Orrick Secures Another Win for Nintendo in Wii Patent Case


Orrick secured a victory for Nintendo Co., one of the world's largest makers of video game players, before the U.S. Federal Circuit Court of Appeals in a five-year dispute with Motiva LLC.  In January 2012, the International Trade Commission ("ITC") ruled that Nintendo had not violated Section 337 of the Tariff Act because it had not infringed Motiva's two patents-in-suit and because Motiva failed to show that it had established a "domestic industry" in the United States, a jurisdictional prerequisite in the ITC. On May 13, 2013, the court affirmed, finding that the ITC did not err in ruling that domestic industry was lacking.

"The evidence demonstrated that Motiva's litigation was targeted at financial gains, not at encouraging adoption of Motiva's patented technology. The inventors looked forward to financial gains through Motiva's litigation, not hopes of stimulating investment or partnerships with manufacturers," wrote Circuit Judge Sharon Prost in the Court of Appeals ruling.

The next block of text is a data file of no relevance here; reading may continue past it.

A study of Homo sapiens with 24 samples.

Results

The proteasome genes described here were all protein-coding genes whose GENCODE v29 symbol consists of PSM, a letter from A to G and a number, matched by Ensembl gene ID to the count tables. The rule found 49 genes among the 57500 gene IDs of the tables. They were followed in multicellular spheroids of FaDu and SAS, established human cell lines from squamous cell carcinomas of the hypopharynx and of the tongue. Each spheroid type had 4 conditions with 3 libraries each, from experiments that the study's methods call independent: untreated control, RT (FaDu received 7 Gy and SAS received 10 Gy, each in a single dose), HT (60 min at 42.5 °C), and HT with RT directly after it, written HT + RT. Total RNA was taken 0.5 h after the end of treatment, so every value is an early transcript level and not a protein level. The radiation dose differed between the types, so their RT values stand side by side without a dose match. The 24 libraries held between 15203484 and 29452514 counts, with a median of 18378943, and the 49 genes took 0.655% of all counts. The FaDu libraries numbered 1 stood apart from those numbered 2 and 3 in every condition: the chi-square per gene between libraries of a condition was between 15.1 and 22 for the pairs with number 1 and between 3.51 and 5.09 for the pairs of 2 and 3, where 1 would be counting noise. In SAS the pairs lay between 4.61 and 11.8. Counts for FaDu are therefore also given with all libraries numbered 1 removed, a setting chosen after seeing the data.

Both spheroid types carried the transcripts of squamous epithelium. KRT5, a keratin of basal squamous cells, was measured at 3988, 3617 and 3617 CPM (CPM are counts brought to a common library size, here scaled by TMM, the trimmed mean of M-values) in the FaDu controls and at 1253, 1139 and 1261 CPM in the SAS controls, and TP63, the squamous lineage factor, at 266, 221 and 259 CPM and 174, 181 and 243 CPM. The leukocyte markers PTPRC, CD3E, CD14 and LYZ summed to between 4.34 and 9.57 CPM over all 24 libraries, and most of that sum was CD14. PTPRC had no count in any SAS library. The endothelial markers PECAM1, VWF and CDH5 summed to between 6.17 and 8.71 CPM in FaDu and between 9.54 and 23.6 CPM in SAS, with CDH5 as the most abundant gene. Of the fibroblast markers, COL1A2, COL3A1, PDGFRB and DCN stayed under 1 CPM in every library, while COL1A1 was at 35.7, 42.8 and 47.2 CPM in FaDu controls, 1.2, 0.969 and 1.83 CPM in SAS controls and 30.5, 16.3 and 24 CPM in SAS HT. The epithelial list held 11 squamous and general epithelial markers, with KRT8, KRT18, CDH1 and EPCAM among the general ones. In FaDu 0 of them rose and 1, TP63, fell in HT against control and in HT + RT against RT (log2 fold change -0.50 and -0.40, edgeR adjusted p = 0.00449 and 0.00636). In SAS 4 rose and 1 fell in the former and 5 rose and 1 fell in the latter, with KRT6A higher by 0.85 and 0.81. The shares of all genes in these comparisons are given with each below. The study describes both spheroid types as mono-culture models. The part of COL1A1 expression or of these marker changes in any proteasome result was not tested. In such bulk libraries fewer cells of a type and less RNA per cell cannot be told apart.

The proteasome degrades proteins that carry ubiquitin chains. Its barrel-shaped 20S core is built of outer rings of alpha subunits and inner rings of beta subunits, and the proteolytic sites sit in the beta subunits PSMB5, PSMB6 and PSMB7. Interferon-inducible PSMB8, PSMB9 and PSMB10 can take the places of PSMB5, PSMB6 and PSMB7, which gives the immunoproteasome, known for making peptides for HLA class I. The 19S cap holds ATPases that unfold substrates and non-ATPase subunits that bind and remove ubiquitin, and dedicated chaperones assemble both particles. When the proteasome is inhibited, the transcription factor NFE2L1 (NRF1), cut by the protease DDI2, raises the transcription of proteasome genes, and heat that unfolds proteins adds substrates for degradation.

This decision, which allows Nintendo to continue to import its highly successful Wii system into the U.S., will have a significant impact on future cases involving patent-licensing companies who seek an import ban on products as a way to demand royalties. 

Supreme Court and appellate partner Mark Davies argued the case. The Orrick team appellate included commercial litigation partners Peter Bicks and Elyse Echtman, and associate Cyrus Rieck; intellectual property partner Alex Chachkes and associate Nicholas Lam; Supreme Court and appellate partner Josh Rosenkranz and associate Katherine Kopp.